Pfizer’s Paxlovid tablets against Covid have been given emergency use authorization by the US Food and Drug Administration (FDA). The first pill treatment of this kind, it can be prescribed to high-risk patients aged 12 and older.

“Today’s authorization introduces the first treatment for [Covid]-19 that is in the form of a pill that is taken orally – a major step forward in the fight against this global pandemic,” said Dr. Patrizia Cavazzoni, director of the FDA’s Center for Drug Evaluation and Research.

The combination of nirmatrelvir and ritonavir packaged for oral use will be available to treat mild-to-moderate Covid-19 in people who test positive and are at “high risk for progression to severe” disease, including hospitalization or death, the FDA said on Wednesday.


According to the agency, the treatment is meant to last no longer than five days and consists of three pills: two tablets of nirmatrelvir and one of ritonavir taken twice daily. Nirmatrelvir is intended to stop the virus from replicating, and ritonavir slows the first drug’s breakdown to enable it to last longer.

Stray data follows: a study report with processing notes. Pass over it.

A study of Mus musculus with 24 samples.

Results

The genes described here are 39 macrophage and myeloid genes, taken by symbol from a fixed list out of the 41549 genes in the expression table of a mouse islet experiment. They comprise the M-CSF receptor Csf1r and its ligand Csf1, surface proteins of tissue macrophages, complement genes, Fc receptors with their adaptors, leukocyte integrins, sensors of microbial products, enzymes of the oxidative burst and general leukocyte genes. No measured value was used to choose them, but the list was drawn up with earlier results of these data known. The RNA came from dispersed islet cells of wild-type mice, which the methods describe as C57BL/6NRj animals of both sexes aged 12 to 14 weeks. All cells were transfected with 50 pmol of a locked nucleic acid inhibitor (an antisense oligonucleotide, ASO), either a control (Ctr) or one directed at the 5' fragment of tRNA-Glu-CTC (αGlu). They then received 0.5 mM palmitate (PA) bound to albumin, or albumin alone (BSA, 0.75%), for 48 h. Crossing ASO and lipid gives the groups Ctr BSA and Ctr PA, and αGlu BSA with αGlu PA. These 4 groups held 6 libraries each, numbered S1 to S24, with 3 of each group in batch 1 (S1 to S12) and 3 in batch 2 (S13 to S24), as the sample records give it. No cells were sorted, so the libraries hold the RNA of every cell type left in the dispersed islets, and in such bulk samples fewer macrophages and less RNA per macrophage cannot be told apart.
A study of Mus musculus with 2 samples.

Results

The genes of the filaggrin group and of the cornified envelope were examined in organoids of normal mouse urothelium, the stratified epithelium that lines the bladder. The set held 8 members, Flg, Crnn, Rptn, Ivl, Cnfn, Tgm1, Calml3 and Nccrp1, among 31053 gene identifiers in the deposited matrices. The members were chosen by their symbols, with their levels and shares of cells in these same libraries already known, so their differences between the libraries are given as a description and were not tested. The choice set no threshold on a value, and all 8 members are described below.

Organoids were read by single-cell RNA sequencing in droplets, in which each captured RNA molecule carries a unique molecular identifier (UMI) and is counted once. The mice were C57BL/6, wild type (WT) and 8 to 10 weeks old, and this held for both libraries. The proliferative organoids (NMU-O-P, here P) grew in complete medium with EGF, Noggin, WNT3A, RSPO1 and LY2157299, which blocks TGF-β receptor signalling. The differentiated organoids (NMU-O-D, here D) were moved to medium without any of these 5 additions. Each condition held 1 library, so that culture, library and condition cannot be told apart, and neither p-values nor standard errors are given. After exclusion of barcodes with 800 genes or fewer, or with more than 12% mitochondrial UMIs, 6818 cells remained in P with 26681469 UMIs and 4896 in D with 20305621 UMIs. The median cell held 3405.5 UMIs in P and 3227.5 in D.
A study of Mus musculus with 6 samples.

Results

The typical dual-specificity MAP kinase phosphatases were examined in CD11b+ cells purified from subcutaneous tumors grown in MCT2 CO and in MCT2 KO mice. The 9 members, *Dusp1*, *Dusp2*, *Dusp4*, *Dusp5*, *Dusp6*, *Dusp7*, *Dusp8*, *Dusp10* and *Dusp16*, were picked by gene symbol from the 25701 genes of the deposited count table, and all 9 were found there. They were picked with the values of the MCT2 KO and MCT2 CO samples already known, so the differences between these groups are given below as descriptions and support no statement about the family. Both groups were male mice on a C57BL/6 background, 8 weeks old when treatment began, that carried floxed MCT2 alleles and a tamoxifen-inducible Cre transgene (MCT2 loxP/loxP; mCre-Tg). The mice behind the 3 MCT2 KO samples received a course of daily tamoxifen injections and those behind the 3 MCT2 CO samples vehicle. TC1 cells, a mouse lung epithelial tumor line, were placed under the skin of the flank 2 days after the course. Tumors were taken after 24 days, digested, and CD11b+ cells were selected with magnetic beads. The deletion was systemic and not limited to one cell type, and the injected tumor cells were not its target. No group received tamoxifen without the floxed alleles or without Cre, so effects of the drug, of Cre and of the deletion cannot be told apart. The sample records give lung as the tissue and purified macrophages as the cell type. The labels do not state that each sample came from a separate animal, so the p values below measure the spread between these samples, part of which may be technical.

While there are “no adequate, approved, and available alternatives” to Paxlovid, the FDA does warn that there are possible side effects. In addition to a risk of “impaired sense of taste, diarrhea, high blood pressure, and muscle aches,” there is potential for “significant” drug interactions with certain HIV medications. Paxlovid is also not recommended for people with liver and kidney impairments, as ritonavir may cause liver damage. The FDA has published a full list of potential drug interactions in a guide for healthcare providers.

The approval is based on a double-blind clinical trial of patients who had not been vaccinated or previously contracted Covid-19. According to the study, Paxlovid reduced Covid-related hospitalization or death by 88% compared to the placebo. 

The White House has already announced it has purchased 10 million doses of the Paxlovid treatment, as well as three million doses of Merck’s Lagrevio, a molnupiravir-based pill, which is also expected to get the green light from the FDA this week.